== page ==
How to Create a Paperless Home
By Maria Patterson
Take a look around your office and you’ll probably notice there’s something missing: those teetering towers of papers that used to pile up on the edge of your desk. As we move further and further into a digital environment, paper is being tossed in favor of email, the cloud and text messages.
While a paperless environment is becoming the norm in the work world, it may be a different story at home, where mail collects on your kitchen counter and outdated magazines have sprouted roots in your living room. Want to replicate the paperless environment of your work world at home? Here’s how to get started:
Cancel subscriptions. Any publication worth its salt—from newspapers to magazines—now has a digital version online, so cut back on your print subscriptions, narrowing it down to those few publications you really enjoy sitting with over coffee.
Ditto for catalogs. Anything you might shop for in a catalog can be shopped for online. What’s more, viewing an item online usually means the ability to zoom, see different angles, and read reviews.
Put your scanner to work. Of course there is a wide variety of paperwork and records that we must hold onto for future reference. Instead of stacking away yet another cardboard box in the attic, start scanning your important paperwork and create a digital file. Be sure to keep several back-up copies of such online records.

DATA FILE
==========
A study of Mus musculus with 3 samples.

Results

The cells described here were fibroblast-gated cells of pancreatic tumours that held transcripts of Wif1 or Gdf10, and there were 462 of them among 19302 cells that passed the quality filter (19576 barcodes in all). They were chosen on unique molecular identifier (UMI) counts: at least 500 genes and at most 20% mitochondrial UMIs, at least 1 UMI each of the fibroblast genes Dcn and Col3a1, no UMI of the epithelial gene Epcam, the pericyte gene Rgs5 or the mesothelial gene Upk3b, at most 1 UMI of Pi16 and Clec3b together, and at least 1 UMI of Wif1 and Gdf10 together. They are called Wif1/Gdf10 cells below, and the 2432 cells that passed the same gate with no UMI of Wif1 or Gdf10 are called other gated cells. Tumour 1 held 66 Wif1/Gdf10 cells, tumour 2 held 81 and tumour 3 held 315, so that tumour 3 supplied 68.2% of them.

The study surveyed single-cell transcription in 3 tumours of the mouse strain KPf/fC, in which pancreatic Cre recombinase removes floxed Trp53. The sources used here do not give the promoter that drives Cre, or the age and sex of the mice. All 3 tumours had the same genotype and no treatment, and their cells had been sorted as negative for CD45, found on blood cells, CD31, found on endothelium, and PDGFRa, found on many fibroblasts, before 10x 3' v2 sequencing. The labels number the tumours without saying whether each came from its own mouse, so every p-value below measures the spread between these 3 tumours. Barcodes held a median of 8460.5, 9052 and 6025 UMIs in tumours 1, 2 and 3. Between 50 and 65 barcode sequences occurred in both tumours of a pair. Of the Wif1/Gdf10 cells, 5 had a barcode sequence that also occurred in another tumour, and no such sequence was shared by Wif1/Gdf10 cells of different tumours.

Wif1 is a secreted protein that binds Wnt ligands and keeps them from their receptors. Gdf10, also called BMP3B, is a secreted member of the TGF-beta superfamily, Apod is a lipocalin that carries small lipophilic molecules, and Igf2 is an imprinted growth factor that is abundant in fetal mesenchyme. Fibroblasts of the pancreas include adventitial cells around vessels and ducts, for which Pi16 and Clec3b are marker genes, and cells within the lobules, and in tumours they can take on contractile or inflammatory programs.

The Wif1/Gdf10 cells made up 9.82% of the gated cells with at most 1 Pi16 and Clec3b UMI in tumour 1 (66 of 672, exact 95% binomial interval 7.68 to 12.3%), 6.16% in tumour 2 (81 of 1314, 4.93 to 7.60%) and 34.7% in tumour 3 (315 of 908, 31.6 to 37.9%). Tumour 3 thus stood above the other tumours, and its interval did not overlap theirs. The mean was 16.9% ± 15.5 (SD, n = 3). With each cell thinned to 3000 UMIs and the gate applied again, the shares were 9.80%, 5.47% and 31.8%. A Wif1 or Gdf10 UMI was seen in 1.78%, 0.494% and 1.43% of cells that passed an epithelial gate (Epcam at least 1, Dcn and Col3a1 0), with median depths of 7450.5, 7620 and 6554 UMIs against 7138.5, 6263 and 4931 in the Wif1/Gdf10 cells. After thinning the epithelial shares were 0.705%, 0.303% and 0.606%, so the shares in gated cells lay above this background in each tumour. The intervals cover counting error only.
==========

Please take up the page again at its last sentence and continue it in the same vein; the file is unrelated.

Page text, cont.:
Switch to online banking. Do you really need paper bank statements when you can access your account anytime online? If you’re uncomfortable about some of the new online and mobile banking options go sit down with someone at your local branch and get a quick tutorial. Once you go online banking, you’ll never go back.
Enroll in autopay. There is also no need to get buried under the endless flow of credit card bills and records coming into your house. Set up all your credit card accounts online and enroll in autopay. Not only will this ensure that you never miss a payment, it will pull you out from under the mountain of credit-related paperwork.
Nix the notes. Part of the paper pile-up at home can be attributed to the random post-it notes, to-do lists and reminder scraps gracing our counters, bureaus and fridge-doors. This can all be consolidated and nicely organized in your smartphone’s memo feature, the sticky notes function on your desktop, or one of several apps, such as Evernote or OneNote.
Not only is a paperless home a more organized home, it’s one that runs more efficiently as well. So get out from under the piles and start enjoying your newly liberated environment.
For more helpful financial and real estate information, feel free to contact me directly.